Berlin votes on tighter climate goals in test of Germans commitment to change
Berlin voted Sunday (26 March) on making the city climate neutral by 2030, in a binding referendum that will force the new conservative local government to invest heavily in renewable energy, building efficiency and public transportation.
Climate campaigners gathered over 260,000 signatures in support of the referendum, which will make Berlin one of few major European cities with a legally binding goal to become carbon neutral in seven years.
The European Union last year started a scheme to help 100 cities inside and outside of the bloc become climate neutral by 2030, but the scheme and the financial support it offers are not legally binding.
The referendum’s results would show whether Germans, or at least Berliners, want Germany’s climate policy, which now aims to make Europe’s biggest economy carbon-neutral by 2045, to be more ambitious. Climate activists who initiated the vote say the government’s target is too far in the future to prevent global warming from exceeding 1.5 degrees Celsius.
“At the moment, climate policy is simply not sufficient to ensure a future worth living in our city,” Jessamine Davis, a spokesperson for Climate New Start Berlin, told Reuters.
Unlike Berlin’s previous referendums, including one calling for expropriation of large landlords or on keeping the former Tempelhof airport free from development, Sunday’s climate referendum will be legally binding for the government in Berlin.
“The new version will automatically apply if Berlin population votes if favour,” Davis said.
The initiative, if approved, will only oblige the local government to achieve climate-neutrality in seven years, but the group says various scientific studies offer a wide range of specific measures to reach that goal.
They include a mandate to install solar panels on all suitable roofs in the city to generate around 25% of the city’s electricity, in addition to expanding wind power turbines in the neighbouring Brandenburg state to supply the capital.
Installing a large heat pump on the Spree river and renovating buildings across the city to replace oil and gas heaters with efficient heat pumps are also among the measures that will be needed if Berliners back the new 2030 goal.
Germany’s capital would also have to expand electric vehicles usage and add bike lanes while making public transport more attractive, the group suggested on its website.
Breakthrough as EU negotiators clinch deal on European climate law
European Union negotiators reached a deal on the European Climate Law after fourteen hours of talks on Wednesday (21 April), allowing the EU to arrive at the US-hosted climate summit tomorrow with an agreement on the bloc’s 2030 target.
Potential SPD-CDU coalition
The Berlin referendum mirrors an EU decision to make climate neutrality a legally-binding commitment on EU member states, with a European Climate Law obliging the 27-nation bloc to reduce emissions to net-zero by 2050.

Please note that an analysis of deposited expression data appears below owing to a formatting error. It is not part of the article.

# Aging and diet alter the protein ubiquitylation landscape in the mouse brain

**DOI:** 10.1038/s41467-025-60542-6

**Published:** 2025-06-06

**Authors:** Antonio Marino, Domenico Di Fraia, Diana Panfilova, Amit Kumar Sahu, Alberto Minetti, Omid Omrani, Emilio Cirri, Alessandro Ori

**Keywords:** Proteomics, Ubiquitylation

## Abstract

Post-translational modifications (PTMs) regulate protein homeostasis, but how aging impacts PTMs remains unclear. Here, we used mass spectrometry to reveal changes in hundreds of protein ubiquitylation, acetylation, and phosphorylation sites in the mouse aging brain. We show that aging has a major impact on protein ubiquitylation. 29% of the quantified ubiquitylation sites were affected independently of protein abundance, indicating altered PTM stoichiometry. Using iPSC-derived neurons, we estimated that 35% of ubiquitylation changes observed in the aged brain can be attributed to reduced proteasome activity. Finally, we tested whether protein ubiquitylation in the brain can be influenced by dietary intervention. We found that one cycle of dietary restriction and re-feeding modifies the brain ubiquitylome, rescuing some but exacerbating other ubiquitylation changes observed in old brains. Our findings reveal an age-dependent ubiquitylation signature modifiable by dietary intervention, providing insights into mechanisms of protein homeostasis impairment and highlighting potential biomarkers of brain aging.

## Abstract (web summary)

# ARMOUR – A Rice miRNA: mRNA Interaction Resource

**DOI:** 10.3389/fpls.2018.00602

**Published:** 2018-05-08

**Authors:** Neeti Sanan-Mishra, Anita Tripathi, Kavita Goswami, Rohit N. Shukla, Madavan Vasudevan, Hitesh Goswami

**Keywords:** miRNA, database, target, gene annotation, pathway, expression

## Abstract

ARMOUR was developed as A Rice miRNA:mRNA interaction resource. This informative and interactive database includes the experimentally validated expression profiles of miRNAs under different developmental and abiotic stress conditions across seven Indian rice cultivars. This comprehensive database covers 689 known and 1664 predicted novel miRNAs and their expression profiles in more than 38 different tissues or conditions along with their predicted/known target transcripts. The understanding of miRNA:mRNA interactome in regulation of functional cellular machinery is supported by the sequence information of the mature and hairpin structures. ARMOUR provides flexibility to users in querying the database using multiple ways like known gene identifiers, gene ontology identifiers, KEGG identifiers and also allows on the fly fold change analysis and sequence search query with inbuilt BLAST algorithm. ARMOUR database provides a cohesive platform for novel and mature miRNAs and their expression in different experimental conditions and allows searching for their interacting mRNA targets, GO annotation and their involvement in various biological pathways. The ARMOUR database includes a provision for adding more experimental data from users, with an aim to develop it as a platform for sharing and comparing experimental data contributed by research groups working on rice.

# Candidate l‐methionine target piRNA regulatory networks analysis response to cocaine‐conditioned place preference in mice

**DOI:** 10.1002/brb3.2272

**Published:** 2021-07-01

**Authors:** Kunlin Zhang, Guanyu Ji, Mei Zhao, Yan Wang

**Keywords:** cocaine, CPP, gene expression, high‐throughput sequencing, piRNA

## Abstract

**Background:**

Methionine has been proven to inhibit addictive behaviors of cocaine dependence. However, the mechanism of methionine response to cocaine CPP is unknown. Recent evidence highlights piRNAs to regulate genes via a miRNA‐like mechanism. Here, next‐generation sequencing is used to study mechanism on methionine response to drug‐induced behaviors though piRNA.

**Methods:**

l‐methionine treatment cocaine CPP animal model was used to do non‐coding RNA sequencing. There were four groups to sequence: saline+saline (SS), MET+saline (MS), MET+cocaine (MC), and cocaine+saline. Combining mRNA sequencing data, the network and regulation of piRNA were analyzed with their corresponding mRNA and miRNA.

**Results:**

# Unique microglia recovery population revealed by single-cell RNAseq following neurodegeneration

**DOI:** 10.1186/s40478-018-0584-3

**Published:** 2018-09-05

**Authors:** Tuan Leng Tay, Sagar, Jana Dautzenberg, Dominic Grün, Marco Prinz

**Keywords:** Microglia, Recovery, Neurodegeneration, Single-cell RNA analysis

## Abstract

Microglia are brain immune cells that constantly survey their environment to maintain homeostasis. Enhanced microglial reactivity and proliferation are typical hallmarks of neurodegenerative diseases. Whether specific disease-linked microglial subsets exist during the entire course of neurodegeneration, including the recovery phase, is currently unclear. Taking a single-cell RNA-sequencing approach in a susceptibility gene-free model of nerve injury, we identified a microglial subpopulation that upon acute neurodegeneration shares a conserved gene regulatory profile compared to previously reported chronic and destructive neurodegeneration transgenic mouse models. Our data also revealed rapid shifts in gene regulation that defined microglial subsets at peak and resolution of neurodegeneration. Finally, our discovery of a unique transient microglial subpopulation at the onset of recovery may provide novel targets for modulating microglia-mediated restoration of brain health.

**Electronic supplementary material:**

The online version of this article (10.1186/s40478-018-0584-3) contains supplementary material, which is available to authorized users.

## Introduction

It comes as Germany’s conservative CDU party is negotiating a possible coalition with the Social Democrats in the city after its clear victory in a repeat election, driving the environmentalist Greens into opposition.
Stefan Taschner, a Greens Berlin lawmaker, said a positive referendum result would force the new ruling coalition in the city-state to conduct a more active climate policy.
According to the initiative organisers, around 455,000 Berliners have requested to cast their votes via mail so far. In addition to a majority of positive votes, the initiative needs at least 608,000 “Yes” votes to make the results binding.
Danny Freymark, a CDU Berlin lawmaker, said the initiative had a high chance of winning approval, but he would vote against it, saying a new binding target would deprive the new government of any leeway and would lead to disappointment.
“Because even if we do everything we can, we wouldn’t make it in 2030,” Freymark told Reuters.
As a city of four million, with few renewable energy sources nearby or geothermal heating, Berlin lacks what is necessary to make that target more achievable, said Bernd Hirschl from Berlin’s Institute for Ecological Economy Research.
Still, the referendum is a way to revive the debate over climate policy and the changes people must accept to reach climate neutrality regardless of the deadlines, Hirschl told Reuters.
“Because it’s not about 2030. It’s about the question of whether we want to send a signal to politicians or not,” he added.
The EU Climate Law explained
The European Commission tabled its much-awaited Climate Law in March this year, in a bid to carve into stone Europe’s objective of becoming the first climate-neutral continent in the world by 2050. EURACTIV explains what the Climate Law does, how it works and what its criticisms are.